How 'Destiny 2' Made Me A Believer In Shared-World Games


I finally get it.

When the original Destiny launched in 2014 for last- and current-generation consoles, it received, let's call it mixed reception. The game was set to be the next big thing for the industry, bringing together the juggernauts of Bungie (hot off of Halo) and the Activision publishing house (champions of making Call Of Duty a worldwide sensation). But when it released, something felt off.

Was it an MMO? Was it a shooter? Was Destiny supposed to feel so empty, despite being the long-awaited console debut of a shared-world experience?

The original Destiny has plenty to love. Though the game's content was sparse at release, its major expansions The Taken King and Rise of Iron built upon the base game's solid foundation, making true on some of the promises the team at Bungie made during development. But that was it.

Then the whole shared-world thing took off, and online-only games that required a constant connection came popping up all over, from the third-person survival of The Division to the Saiyan hub world in Dragon Ball Xenoverse. Each franchise and license brought its own flare to the concept, but none could solve the genre's main problem: it still feels extremely lonely here.

After putting hours into a handful of these games over the past two years, I really, really wanted to understand the appeal of this shared-world experience. But I couldn't. Well, until last week.

Destiny 2 takes its concept to heart, amping up every aspect of the original game by drawing from some of the best games in the business -- both of shooters and traditional MMOs. Gone are the days of wandering the desolate wastelands of Destiny or getting lost in the Dark Zone in The Division. In Destiny 2, the world is vibrant and full of hope -- even while an evil warlord threatens the end to the Guardians and wants the Traveler for himself.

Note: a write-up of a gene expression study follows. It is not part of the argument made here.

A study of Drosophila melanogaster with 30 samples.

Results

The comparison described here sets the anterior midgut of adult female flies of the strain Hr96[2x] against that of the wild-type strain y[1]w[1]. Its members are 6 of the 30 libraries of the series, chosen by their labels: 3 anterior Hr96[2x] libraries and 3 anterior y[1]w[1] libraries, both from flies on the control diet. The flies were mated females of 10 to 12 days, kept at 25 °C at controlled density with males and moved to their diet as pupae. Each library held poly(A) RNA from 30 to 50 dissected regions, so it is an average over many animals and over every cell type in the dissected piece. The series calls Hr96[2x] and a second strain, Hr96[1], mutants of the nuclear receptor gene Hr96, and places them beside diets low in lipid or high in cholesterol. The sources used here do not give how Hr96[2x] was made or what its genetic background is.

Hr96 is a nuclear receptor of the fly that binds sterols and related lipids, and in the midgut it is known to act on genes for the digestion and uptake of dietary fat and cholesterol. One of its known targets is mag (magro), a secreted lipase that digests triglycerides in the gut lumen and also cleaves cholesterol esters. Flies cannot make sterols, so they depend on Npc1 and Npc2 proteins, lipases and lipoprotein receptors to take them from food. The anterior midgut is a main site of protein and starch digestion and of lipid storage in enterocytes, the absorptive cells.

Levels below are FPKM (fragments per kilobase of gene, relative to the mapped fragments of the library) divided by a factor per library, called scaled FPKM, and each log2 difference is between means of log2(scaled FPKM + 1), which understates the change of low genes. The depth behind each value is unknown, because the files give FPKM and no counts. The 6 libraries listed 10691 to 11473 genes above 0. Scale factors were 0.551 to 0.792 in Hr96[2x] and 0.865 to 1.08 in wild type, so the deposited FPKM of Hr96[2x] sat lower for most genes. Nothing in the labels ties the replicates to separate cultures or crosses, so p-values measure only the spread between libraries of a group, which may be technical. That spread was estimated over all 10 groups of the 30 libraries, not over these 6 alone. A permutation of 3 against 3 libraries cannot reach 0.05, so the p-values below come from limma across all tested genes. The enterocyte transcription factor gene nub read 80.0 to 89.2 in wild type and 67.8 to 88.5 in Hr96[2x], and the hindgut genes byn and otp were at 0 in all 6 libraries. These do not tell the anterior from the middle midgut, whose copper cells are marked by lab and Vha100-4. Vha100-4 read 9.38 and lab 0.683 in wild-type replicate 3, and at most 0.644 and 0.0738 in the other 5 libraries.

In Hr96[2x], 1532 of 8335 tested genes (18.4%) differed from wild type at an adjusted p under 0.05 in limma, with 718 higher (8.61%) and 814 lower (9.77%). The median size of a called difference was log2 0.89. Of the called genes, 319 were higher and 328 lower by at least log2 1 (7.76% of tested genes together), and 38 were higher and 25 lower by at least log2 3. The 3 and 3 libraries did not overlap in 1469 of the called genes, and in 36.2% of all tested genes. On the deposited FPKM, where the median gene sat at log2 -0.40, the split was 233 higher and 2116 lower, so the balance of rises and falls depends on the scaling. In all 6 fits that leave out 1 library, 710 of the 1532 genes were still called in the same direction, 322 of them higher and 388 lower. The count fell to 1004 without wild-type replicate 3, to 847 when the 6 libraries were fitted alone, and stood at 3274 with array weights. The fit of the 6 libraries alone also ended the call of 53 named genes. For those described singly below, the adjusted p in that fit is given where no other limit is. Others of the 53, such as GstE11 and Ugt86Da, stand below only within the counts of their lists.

Colors bounce from every angle of every level, design isn't limited to hallways and corridors and weapons feel fresh and constantly get stronger and more varied. But the shared-world experience is what keeps me playing, even when my friends hop offline and I'm left with just my Titan on the Farm, with more than a handful of random Guardians.

So why did it work this time?

Well, for one, Destiny 2 isn't held back by the development woes of its previous-generation counterparts. The PlayStation 3 and Xbox 360 versions of the first game no doubt constricted resources, despite being whole experiences on their own.

With just a simple upgrade, the worlds where other players are feel more populated. They aren't ghosts of other players or NPCs. These are honest to god real players, and you can even run around and play soccer with them.

But the NPCs aren't slouches either, and masterful voice work from Lance Reddick, Nolan North, Nathan Fillion and Claudia Black make each of their characters feel alive, and even when they're just passing out quest rewards it feels personalized. With that, the story itself is easier to follow, hearkening back to the simple tropes that made games like Halo so fun to play and replay over and over again.


Even Destiny 2's player-vs-player multiplayer suite doesn't feel tacked on. And while it surely has room to grow and expand (especially in its game types), it still feels like an integral part of the experiences. And sure, it doesn't hurt that progress is consistent across the game, whether you're in a raid, tackling a strike with friends, playing the Crucible or just making your way through the main story.

Games like The Division have pacing issues, and while their gameplay is enough to hook players for the 20 hours it takes to beat the main story, it fails to keep them hooked. Destiny 2 has learned its lesson, and shades of World of Warcraft seem to be making sure that this game is here to stay.


Destiny 2 is now available for PlayStation 4 and Xbox One. A PC version will release on October 24. A copy of the game was provided by Activision.